Gov. Doug Ducey said the state was seeing some reduction in the spread of COVID-19 virus but warned the state had a long road ahead in the fight against the deadly virus.
"I want people to get their heads around this," Ducey said. "There's no end in sight today. … There will be no victory laps."
Ducey announced a new executive order extending the residential eviction moratorium until Halloween and said he was in conversations with school leaders and university presidents about the best way to move forward with the school year.
The previous residential eviction moratorium was set to expire on Saturday, July 25.
“It’s been some time since we’ve talked about the March 24 executive order to delay evictions for those impacted by COVID-19,” Ducey said. “I’ve got an update on this along with a new executive order extending the eviction moratorium on residential evictions until Oct. 31."
Ducey announced $650,000 would go to various community action agencies to improve staffing and help administer rental assistance programs for Arizonans statewide. Approximately $1.2 million in assistance has been distributed to Arizona renters since late March, according to the Governor's Office.
Additionally, Ducey announced $5 million to establish the Foreclosure Prevention Program to help residential landlords dependent on rental income to survive.
“This will provide targeted relief to homeowners who rely on income from tenants to help them avoid foreclosure,” Ducey said. “In total, state and local governments have directed more than $80 million on programs to assist renters and prevent homelessness.”
Ducey said intends on opening Arizona schools and institutions of higher learning in the near future but stopped short of saying he would stick by the Aug. 17 date he set to reopen K-12 schools.
“Arizona will be open for learning. That is what’s in front of us in the coming school year,” Ducey said. “I know people want clarity around this and we’re going to provide clarity. I’m going to tell you our kids are going to be learning in the fall.”
While Arizona schools are tentatively scheduled to open on Aug. 17 (with some districts starting online programs sooner), Ducey said he plans on meeting with Arizona Superintendent of Public Instruction Kathy Hoffman and other state educational stakeholders in hopes of providing more complete information on the gameplan for reopening schools next week.
“We’re going to our best to conduct the positive educational year that we can and I’ll be providing the most specific guidance that I can,” Gov. Ducey said. “Expect that next week and that will provide additional flexibilities to our school around the state.
Ducey also announced an expansion of coronavirus testing in the upcoming months. So far, more than 950,000 thousand Arizonans have been tested for the virus, he said.
As coronavirus cases are on a downward trend in the state, Ducey urged Arizonans to stay vigilant by staying at home and wearing masks while practicing social distancing when out in public to help continue the virus’ decline. He said measures set by local authorities to require masks were helping reduce spread, but once again stopped short of a statewide mandate.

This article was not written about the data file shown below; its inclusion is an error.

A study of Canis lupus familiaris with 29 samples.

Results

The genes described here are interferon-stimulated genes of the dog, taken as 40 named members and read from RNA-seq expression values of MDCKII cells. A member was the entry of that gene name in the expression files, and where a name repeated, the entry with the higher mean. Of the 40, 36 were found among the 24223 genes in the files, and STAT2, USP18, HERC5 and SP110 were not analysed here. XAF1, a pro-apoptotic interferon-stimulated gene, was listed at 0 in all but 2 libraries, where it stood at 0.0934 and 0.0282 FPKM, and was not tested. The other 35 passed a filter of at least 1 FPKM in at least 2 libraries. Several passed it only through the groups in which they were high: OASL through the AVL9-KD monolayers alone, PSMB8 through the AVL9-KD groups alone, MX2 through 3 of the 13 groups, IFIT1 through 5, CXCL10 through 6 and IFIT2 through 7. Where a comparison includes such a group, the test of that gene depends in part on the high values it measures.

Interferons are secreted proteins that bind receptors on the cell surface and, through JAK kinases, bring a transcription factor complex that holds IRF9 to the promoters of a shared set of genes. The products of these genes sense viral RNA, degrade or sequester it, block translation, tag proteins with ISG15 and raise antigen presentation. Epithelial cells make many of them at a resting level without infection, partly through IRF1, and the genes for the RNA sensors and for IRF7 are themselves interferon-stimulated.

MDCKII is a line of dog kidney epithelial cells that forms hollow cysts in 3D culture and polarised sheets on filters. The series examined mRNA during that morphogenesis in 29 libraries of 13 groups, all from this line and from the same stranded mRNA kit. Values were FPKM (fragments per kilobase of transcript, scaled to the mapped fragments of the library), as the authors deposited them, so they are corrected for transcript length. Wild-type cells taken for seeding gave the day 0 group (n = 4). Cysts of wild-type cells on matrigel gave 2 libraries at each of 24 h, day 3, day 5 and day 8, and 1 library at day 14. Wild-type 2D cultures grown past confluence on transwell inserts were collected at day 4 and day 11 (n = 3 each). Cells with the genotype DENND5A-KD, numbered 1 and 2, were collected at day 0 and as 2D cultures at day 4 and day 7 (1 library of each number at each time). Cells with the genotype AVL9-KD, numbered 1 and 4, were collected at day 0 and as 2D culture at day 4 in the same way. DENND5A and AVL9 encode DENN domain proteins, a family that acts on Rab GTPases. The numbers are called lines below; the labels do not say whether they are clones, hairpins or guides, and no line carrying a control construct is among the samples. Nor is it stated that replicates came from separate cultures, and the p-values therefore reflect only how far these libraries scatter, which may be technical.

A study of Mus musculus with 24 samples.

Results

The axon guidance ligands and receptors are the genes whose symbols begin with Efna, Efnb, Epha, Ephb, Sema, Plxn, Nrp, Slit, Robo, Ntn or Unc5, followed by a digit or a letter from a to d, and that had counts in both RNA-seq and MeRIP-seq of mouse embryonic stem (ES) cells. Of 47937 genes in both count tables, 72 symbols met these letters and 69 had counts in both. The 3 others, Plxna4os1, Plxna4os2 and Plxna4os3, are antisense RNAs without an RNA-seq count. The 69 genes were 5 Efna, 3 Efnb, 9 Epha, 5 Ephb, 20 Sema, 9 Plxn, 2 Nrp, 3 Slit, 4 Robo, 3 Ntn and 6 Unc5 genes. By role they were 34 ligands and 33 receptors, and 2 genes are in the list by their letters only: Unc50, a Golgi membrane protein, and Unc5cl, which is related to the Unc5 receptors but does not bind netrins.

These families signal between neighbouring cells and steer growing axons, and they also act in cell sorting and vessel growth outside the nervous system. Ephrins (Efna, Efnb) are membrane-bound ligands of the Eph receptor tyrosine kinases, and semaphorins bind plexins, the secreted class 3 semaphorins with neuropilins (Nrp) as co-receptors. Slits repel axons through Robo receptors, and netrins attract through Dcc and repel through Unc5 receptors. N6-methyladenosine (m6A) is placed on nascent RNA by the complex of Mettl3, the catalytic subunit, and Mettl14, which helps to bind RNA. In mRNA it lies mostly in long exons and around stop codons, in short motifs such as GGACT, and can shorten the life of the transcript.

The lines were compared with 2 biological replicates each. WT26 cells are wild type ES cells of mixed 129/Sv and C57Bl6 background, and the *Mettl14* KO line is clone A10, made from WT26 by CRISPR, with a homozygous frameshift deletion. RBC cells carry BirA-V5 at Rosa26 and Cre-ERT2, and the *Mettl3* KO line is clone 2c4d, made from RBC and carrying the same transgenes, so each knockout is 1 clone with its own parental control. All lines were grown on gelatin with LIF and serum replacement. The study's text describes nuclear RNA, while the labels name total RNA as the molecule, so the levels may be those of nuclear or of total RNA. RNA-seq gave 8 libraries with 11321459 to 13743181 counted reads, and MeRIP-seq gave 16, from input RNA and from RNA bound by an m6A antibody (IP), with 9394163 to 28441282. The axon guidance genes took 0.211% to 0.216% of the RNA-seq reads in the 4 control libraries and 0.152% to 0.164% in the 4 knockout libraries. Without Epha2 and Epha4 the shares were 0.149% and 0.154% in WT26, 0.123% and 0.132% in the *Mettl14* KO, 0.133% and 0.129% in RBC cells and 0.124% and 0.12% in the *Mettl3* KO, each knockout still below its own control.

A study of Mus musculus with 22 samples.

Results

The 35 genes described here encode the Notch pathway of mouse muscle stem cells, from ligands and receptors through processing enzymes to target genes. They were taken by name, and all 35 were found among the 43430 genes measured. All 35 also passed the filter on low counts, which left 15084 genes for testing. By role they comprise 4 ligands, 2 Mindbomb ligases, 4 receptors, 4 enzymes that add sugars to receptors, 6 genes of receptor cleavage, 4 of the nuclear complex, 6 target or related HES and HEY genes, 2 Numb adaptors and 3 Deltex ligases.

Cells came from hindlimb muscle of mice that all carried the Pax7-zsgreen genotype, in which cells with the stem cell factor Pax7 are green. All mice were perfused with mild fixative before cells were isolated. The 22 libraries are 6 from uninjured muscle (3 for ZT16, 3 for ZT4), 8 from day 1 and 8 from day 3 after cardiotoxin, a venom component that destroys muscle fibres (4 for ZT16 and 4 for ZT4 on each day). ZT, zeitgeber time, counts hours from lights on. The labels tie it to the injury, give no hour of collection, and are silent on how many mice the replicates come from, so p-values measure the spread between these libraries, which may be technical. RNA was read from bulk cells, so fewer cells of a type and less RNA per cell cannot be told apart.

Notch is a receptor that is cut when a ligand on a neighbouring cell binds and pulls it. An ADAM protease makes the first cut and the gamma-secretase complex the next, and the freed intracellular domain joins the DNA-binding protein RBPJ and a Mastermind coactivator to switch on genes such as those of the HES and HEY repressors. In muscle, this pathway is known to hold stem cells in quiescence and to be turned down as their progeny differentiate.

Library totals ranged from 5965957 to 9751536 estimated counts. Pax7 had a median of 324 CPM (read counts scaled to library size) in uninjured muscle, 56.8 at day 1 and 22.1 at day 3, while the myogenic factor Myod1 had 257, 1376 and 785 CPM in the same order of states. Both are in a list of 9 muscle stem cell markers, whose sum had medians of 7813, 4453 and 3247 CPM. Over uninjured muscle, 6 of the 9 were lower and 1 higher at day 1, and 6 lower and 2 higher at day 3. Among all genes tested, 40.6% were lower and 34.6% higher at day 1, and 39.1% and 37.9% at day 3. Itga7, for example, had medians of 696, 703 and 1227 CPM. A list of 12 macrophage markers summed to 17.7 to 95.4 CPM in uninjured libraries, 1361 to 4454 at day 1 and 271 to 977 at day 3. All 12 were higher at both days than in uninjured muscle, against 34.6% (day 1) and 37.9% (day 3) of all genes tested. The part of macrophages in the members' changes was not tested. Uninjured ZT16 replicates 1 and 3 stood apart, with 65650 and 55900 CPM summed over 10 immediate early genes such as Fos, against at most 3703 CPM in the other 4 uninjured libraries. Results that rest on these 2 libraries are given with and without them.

“Today I have better news, but I also want to say so that people understand the truth around what’s in front of us," Ducey said. "There’s no end in sight today. That’s why I talk about the foreseeable future and there will be no victory laps. What we can take from here is knowledge of what difference we can make in the COVID-19 pandemic in our state, in our country for the foreseeable future.
Arizona Senate Democrats released a joint statement following Ducey's press conference urging him to enact a statewide mask mandate, implement more contact tracing and provide more PPE for hospitals and schools. The full statement:
We are disappointed again that the Governor refuses to take stronger actions to curb the spread of the deadly COVID-19 virus. More aggressive action is needed now to safely open schools in the future no matter what date is picked. Senate Democrats again urge the Governor to take swift and preventative action. Time is not an ally. Act now, Governor to curtail the spread. Lives, not just livelihoods, are at stake.
After significant pressure from legislators, Arizonans and other advocates, the Governor finally relented and thankfully extended the eviction moratorium until the end of October. No one should face homelessness in the middle of a pandemic and triple digit heat. This is just one of the many measures Senate Democrats have been advocating for several weeks to help Arizonans.
We look forward to learning more about the school reopening plan and hope the Governor listens to Superintendent Hoffman and public school educators on what they believe is best for students, parents and staff. Our top priority regarding schools reopening must be community health and safety, and ensuring that our schools have the funding and PPE they need to keep our communities safe. More aggressive mitigation measures now will allow us to safely reopen in the future.
We still need a more comprehensive approach to slow the spread of COVID-19 in Arizona. This fragmented strategy has clear consequences–consequences that could have been avoided had we taken the pandemic seriously earlier. Senate Democrats have repeatedly called for a statewide mask order, ongoing funding for free COVID-19 testing and contact tracing, and PPE for medical professionals and schools. These measures are the only way we can expect to slow the spread of this virus.